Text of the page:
There was a very good turn out to the demonstration by Jim Robison, in Dolgellau and thank you to all those who made the effort to get out of bed and drive all the way to Dolgellau, especially Jim, for he provided us with a day which we'll long remember. The advantage about demonstration days is you not only find out about how the pots are made, but all the thought that goes on behind the work. On hearing Jim talk about his work, I gained more of an understanding of his motivation and what he's trying to achieve.
As usual, we started the day with a slide show. We saw slides of Jim's work, starting from the most recent and going back to when he first started working with clay. We also saw before and after slides of his home and studio. As a potter who is only starting to set up, it is always encouraging to see where more established potters started from. I hope that in twenty five years I will come close to achieving all that Jim has. As well as seeing what inspires and surrounds the potter, the slide show gives time for discussions about the motivation behind the creations. I've always liked Jim's forms and now I have a deeper understanding of why.
It is not only a 'pot' that we are looking at, it is a conscious juxtaposition of light vs dark, organic vs geometric. There was also this recurring need to give structure to the natural and to soften the stuctural. The extruded rims and geometric shapes give a formal finish to the torn edges and ripped clay. With the large scale work for Holmfirth, Jim talked about the extruded edges being a symbol of the industrial nature of the town, the river as a symbol of nature, and the houses as the architectural geometry. He also talked about the patterns on his vase forms as a representational aerial view of the fields and walls around Yorkshire.
After the slides, Jim led us through a demonstration of how he makes his slabs, using an old mangle which he has adapted. He then added slip decoration and more layers of clay to create a surface pattern. In order to get the unpredictable rips in his slabs he lightly scores the slab. As he worked I noticed how much thought went into where he placed the slip markings. He was very controlled and then he would counteract his control by putting slabs against the direction of his first decorations and then he would score the slab in yet another direction. Organic vs geometric all the way. He then covered the prepared slab with paper and turned it face down on a board so the slip wouldn't get smudged when going through the mangle. Passing the slab through the mangle twice he then drew back the upper cloth to reveal a slab with magnificent edges and random tears throughout. He then placed the slab on a former, leaving it to stiffen.
With slabs he had prepared earlier, Jim finished building a complete form, telling us how to support large slabs when trying to put them together. If you lightly join a stick to the inside of the slab and keep the paper on the slipped side of the slab they work in unison to keep the shape of the clay as you join it to its other half. Jim scores and wets the clay before joining, but he doesn't use slip. He also doesn't put a coil on the inside of his pot to join the base, basically because he can't reach it, but he does join the base thoroughly from the outside. He also had a good tip about using a carved piece of wood or plastic as a former to give the join at the base and extruded formal look. Another tip as to use cling film to cover wet slip decorated pieces. You can then form the still soft clay and work with it all you like without destroying the decoration. He uses this process to make the feet for his bowl forms. The cling film also works well at creating nice joins between the feet and the slab formed bowl.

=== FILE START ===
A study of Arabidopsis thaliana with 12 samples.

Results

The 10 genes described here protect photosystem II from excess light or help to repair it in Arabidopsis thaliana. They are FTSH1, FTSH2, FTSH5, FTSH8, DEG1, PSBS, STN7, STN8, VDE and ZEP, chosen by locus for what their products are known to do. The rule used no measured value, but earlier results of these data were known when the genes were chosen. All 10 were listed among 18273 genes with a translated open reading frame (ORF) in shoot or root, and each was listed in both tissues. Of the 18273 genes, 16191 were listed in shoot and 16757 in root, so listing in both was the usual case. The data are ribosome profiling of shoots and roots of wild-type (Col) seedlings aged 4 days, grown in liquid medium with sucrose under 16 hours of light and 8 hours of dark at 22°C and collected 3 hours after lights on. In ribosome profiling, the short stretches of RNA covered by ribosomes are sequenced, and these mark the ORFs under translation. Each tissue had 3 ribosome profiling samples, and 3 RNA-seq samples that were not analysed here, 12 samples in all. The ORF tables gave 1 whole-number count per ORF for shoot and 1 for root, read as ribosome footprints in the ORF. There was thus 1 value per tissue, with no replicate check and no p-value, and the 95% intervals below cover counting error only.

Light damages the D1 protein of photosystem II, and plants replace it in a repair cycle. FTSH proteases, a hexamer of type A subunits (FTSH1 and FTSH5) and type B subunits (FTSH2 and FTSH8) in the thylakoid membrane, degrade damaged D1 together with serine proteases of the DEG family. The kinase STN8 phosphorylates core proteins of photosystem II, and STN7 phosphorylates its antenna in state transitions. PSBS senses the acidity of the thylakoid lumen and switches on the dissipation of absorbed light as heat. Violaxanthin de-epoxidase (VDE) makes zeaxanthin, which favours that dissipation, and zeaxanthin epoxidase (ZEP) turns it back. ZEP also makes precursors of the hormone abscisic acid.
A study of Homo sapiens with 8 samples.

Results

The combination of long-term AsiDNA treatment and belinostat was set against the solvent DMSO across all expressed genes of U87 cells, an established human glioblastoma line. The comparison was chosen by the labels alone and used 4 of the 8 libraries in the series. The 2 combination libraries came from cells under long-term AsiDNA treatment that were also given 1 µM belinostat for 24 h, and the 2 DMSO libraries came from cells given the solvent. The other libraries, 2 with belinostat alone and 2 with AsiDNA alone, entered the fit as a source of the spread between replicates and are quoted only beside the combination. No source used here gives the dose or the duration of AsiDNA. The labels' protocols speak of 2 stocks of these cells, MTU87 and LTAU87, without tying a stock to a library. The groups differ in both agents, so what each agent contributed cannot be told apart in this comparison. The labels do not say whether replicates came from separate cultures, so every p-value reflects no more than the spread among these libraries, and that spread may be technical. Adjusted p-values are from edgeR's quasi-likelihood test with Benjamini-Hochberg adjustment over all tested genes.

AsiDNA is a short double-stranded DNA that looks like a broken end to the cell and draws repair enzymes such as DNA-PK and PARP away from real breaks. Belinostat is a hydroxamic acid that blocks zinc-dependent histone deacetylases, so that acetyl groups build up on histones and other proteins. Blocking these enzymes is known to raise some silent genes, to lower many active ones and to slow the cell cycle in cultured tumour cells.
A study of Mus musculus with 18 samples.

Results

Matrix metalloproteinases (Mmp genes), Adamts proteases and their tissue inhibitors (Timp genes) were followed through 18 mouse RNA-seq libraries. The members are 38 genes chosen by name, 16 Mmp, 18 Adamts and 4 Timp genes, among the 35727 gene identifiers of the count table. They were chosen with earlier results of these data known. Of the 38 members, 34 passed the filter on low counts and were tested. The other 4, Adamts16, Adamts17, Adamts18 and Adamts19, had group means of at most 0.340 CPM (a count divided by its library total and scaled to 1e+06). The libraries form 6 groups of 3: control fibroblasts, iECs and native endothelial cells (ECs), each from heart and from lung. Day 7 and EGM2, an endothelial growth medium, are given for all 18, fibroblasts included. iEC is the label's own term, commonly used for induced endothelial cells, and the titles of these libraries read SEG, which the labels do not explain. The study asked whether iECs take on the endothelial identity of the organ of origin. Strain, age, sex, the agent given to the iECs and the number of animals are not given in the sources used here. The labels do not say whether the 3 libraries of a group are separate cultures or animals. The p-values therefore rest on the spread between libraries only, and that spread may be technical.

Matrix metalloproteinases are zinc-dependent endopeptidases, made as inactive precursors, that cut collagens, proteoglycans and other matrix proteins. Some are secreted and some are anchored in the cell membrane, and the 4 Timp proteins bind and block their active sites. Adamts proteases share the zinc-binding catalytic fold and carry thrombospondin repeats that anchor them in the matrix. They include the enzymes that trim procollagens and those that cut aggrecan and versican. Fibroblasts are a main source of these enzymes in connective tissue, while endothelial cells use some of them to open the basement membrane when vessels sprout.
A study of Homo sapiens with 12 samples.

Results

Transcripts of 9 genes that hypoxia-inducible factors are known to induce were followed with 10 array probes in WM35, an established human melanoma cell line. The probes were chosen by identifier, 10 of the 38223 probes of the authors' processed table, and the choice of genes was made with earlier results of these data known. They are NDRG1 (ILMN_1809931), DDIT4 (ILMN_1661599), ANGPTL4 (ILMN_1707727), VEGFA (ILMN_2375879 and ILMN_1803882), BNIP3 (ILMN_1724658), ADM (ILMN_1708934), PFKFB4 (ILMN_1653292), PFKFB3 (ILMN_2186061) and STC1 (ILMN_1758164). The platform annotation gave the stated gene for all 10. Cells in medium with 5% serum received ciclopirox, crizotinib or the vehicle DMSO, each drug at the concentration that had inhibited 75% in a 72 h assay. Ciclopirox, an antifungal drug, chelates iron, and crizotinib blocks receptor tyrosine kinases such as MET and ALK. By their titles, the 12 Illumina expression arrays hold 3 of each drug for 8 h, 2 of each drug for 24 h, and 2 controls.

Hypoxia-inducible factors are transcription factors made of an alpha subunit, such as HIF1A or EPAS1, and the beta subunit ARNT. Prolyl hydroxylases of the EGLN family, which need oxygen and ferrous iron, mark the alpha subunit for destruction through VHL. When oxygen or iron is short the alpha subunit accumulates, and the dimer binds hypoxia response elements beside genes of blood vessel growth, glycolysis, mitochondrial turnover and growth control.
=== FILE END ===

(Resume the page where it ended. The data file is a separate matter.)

Near the end of the demonstration the tips started to come fast and furious and I'm sure I've forgotten some but here goes for various textures trying hanging around the artex department of B&Q and daringly buy one or two of the textured rollers. Or if you fancy yourself as a cook try anything like biscuit extruders, lattice pastry cutters, onion holders (great for scoring large surfaces). Talking about extruders we were all so enthralled with this biscuit maker thing that soon all NWP pots will be covered with these biscuit shapes. And I haven't even begun to talk about grogged clays and all the types you can get except that everyone has gone off Potclays for one reason or another and Jim is currently trying out Earthstone Crank (avoid the new clay Magma because it has tended to warp)
There's loads of things I haven't mentioned that happened during the day, loads of anecdotal stories that Jim told us that had us all laughing. We also heard tales of works being destroyed by firemen, and local kids; as well as works surviving bicycles being ridden over them. We played with digital cameras. We had a great time. And to top it all off when I got home I was able to put my feet up and watch Last of the Summer Wine. Oh, what a perfect day!
P.S. I'd just like to mention that Jim is looking for a book called "A Curious Place: the industrial history of Amlwch" by Byran D. Hope so if anyone has a copy available to lend to him, he'd be grateful.
North Wales Potters gratefully acknowledge the financial support of the Visual Art and Craft Development Department of the Arts Council of Wales for this event.